The produced fluid from oil formation consists of a mixture of oil, gas, free water and water in oil emulsion. Oil processing involves separating the oil from other fluids (gas and water) for the following reasons:
- Crude oil must be free of gas so that storage tanks will not be a fire hazard due to escaping gas.
- Liquid must be removed from a gas stream to prevent it from accumulating in low sections of a pipeline and restricting the flow of gas.
- The water content in the oil must be low in order to maximize its commercial value.
Separators are used to separate the liquids from the gases at any pressure and temperature and to prevent or eliminate liquid entrainment in the gas stream leaving the separator.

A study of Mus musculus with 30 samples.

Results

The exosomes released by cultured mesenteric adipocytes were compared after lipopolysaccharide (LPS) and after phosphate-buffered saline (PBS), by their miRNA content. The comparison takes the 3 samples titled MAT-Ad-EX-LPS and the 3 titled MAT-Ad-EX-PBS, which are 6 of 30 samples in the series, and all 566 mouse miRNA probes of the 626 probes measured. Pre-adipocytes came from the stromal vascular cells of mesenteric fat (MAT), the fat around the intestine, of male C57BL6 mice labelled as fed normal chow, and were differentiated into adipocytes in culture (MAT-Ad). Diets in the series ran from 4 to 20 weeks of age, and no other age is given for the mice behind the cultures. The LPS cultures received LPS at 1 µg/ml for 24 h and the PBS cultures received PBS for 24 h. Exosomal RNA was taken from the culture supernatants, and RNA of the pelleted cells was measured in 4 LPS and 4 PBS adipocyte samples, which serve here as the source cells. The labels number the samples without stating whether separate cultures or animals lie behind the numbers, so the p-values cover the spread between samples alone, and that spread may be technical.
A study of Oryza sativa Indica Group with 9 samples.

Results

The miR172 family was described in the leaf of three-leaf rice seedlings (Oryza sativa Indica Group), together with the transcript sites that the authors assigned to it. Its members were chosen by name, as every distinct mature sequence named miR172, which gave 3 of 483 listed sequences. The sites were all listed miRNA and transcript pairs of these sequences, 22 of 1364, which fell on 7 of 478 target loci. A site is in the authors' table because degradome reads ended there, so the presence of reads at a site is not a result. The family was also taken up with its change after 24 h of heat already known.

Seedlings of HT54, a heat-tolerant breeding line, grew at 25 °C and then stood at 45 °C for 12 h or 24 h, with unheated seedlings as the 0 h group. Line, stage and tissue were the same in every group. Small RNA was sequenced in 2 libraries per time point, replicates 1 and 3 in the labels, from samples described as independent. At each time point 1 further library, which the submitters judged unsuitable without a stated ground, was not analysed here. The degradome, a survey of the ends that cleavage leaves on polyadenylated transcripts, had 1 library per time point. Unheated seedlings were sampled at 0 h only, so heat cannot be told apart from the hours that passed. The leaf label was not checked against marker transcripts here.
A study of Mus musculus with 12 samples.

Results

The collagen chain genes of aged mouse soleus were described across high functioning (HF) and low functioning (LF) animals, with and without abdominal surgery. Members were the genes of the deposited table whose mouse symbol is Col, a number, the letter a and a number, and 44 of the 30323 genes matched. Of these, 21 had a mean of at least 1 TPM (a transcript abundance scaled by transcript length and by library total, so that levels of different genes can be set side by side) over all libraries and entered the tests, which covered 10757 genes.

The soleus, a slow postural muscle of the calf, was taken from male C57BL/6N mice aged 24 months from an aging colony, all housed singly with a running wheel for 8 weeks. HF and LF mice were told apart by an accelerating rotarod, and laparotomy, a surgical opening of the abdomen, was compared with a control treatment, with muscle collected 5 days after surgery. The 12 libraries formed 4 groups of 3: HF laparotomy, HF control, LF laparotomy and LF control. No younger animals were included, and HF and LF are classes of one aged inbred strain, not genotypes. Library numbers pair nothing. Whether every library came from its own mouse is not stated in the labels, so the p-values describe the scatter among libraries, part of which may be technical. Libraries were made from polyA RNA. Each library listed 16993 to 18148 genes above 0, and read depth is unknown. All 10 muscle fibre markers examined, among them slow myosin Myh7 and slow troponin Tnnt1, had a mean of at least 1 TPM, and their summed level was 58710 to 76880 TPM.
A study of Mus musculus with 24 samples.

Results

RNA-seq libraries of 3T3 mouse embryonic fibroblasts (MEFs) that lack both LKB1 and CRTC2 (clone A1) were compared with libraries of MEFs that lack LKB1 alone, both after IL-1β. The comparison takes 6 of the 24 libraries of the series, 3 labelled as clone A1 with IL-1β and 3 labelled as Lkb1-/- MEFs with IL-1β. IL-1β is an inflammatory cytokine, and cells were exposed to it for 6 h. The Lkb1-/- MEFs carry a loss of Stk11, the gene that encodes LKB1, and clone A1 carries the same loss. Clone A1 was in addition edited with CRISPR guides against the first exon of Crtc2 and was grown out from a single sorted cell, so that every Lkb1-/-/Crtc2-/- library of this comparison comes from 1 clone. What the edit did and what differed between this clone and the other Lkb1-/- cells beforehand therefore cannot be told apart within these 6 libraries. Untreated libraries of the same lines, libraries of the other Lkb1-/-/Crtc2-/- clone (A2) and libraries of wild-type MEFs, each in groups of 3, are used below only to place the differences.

Types of Separators
Separators are classified according to the configuration, number of phases separated, and the service. There are three types of separators, Vertical, Horizontal, and Spherical.
Vertical separators, perform a high efficiency demisting. They combine the advantages of the best inlet device, the dish deflector, with the mistmat and a demister pad into one vessel.
The oil and gas mixture enters through the inlet nozzle and hits an angle baffle (schopentoter) where the direction of flow is changed. Here the heavier liquids fall to the bottom of the separator while the gas and spray liquid rises.
This wet gas passes through the mist extractor (where the remaining small liquid particles are removed) and then along the upper part of the separator to reach the gas outlet.
Two and three phase separators
Separators are classified as “two-phase” if they separate gas from the total liquid stream and “three-phase” if they separate gas from the liquid stream and then liquid into crude oil and water components. Bulk separator is two phase separator. Test separator is three phase separator.